Municipal Auditorium: Sarasota's enduring landmark

SARASOTA, Fla. – In the latest of Linda Carson’s looks at historical Suncoast buildings, we take a close-up look at the Sarasota Municipal Auditorium.  It was built at the tail end of The Depression, a sure sign that the people of Sarasota were preparing for celebrations and prosperity, even in the darkest days.

The Depression was raging, that's why Sarasota got a real deal when they bought the land for the Municipal Auditorium. "This is 37 acres of property, and the city bought it for $15,000 in back taxes," says Jeff Lahurd, history specialist with Sarasota County.

Before the crash, a developer had had big plans for the site. "This was supposed to be the sight of the Adair Hotel, which was a 15-story proposed hotel. And when the real estate crash hit, that dream disappeared."

Sarasota was able to build the auditorium through the WPA, the public works project designed by the federal government to help put people back to work. "At that time, Sarasota was in the throes of the Great Depression, so the WPA projects we had really helped a lot to boost the economy," says Lahurd.

Municipal Auditorium vintage aerial

Sarastota mayor A.B. Smith and city leaders believed an auditorium would attract tourists. "They wanted to offer every conceivable recreational activity, so they had lawn bowling, basketball, tennis, shuffleboard, baseball diamond, horseshoe pitching…everything they could think of was here on the grounds."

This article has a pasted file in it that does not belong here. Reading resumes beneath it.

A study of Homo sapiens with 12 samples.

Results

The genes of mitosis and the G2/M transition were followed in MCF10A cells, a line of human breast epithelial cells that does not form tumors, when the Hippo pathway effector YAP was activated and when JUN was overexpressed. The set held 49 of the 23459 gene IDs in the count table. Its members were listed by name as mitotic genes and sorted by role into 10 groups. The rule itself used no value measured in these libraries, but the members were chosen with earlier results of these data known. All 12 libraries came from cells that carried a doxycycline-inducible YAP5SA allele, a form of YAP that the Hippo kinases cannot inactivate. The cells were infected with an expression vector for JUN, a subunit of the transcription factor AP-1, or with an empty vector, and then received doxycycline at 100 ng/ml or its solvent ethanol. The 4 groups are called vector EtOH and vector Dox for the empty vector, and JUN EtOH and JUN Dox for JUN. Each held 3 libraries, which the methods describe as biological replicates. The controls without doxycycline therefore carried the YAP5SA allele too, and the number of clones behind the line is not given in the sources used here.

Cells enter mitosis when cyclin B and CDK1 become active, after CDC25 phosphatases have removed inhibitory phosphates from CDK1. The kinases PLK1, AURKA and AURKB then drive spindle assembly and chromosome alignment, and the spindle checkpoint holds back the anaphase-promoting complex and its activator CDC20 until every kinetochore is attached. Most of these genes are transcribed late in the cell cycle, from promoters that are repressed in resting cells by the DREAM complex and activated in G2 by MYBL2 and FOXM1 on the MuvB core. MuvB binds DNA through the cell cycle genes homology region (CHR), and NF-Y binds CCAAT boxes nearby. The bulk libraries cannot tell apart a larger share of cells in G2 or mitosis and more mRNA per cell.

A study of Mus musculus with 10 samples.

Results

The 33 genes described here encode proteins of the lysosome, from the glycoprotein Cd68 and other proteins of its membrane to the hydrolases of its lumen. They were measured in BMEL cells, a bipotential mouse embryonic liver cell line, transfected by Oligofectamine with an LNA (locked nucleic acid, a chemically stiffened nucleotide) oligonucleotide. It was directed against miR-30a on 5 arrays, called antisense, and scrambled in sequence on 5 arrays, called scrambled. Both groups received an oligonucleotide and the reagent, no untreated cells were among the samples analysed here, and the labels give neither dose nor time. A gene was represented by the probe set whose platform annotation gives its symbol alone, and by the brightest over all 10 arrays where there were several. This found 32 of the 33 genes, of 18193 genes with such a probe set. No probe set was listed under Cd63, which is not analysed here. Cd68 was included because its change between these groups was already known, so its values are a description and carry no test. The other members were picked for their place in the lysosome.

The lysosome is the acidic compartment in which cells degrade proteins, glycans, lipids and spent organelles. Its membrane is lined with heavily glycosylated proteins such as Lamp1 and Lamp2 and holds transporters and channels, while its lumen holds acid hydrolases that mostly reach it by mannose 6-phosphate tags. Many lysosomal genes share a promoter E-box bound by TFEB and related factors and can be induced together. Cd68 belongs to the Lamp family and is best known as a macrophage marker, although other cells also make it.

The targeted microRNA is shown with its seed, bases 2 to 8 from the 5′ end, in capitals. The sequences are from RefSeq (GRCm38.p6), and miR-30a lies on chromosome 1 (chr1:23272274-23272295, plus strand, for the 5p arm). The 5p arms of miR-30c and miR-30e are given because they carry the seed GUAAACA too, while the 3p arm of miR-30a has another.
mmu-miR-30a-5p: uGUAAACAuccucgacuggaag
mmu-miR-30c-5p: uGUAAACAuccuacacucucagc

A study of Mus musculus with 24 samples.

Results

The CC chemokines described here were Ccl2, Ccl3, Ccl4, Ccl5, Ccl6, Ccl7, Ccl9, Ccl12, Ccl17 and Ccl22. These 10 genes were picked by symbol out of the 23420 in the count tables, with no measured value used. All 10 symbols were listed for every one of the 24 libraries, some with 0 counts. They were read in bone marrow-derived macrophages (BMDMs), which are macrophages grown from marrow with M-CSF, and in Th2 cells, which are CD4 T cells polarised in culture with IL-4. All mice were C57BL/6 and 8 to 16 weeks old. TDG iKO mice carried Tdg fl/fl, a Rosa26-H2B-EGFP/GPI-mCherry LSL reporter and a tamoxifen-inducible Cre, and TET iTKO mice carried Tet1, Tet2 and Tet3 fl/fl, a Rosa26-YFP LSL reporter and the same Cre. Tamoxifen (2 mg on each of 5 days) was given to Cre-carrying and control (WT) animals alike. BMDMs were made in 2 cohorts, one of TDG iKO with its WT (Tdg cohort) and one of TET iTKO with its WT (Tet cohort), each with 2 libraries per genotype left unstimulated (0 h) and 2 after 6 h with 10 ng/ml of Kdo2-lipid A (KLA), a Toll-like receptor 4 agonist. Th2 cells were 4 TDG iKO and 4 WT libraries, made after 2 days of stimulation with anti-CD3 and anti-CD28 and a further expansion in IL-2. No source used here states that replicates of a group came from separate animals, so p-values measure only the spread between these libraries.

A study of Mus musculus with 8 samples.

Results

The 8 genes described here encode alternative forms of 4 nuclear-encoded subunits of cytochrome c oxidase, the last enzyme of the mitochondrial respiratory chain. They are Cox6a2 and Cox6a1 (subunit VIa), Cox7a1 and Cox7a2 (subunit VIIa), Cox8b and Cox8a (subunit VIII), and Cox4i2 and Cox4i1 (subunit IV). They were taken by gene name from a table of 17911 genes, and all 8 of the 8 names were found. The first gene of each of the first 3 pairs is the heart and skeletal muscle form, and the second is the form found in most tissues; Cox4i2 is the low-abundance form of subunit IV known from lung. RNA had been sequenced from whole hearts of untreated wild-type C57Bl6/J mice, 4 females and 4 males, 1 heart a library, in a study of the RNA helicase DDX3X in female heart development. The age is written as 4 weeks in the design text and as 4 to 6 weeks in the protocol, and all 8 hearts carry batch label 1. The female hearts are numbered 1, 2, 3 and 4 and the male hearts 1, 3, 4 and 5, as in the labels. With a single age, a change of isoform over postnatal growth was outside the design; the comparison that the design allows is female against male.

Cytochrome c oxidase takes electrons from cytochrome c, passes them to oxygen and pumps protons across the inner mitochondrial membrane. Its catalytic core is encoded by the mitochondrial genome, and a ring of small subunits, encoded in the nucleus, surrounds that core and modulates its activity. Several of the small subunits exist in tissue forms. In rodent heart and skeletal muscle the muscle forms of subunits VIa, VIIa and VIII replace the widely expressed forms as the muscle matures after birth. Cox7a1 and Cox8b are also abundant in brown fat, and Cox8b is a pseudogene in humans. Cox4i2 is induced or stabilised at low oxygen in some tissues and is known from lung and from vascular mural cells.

The auditorium opened on February 24th, 1938.

Architect Thomas Martin designed it in the Art Deco style. His son designed the fountain in front.

Municipal Auditorium with fountain

During World War 2, the auditorium was turned into an Army Navy Club for the hordes of service men stationed here. "They had boxing matches and dances and places for them to write letters home."

Municipal Auditorium vintage interior

After the war it went back to its original purpose. All kinds of shows were held there, from stamp shows to garden shows to stage shows. "When I was a kid, I saw Louie Armstrong here," says Lahurd.

It went through changes through the years. A facade was put on once to modernize it. "Then about 20 years ago it was removed to reveal the intricate work of the old design."

The Municipal Auditorium was placed on the National Register of Historic Places on February 24, 1995.  The auditorium is still in regular use today, regularly hosting events and trade shows nearly every weekend.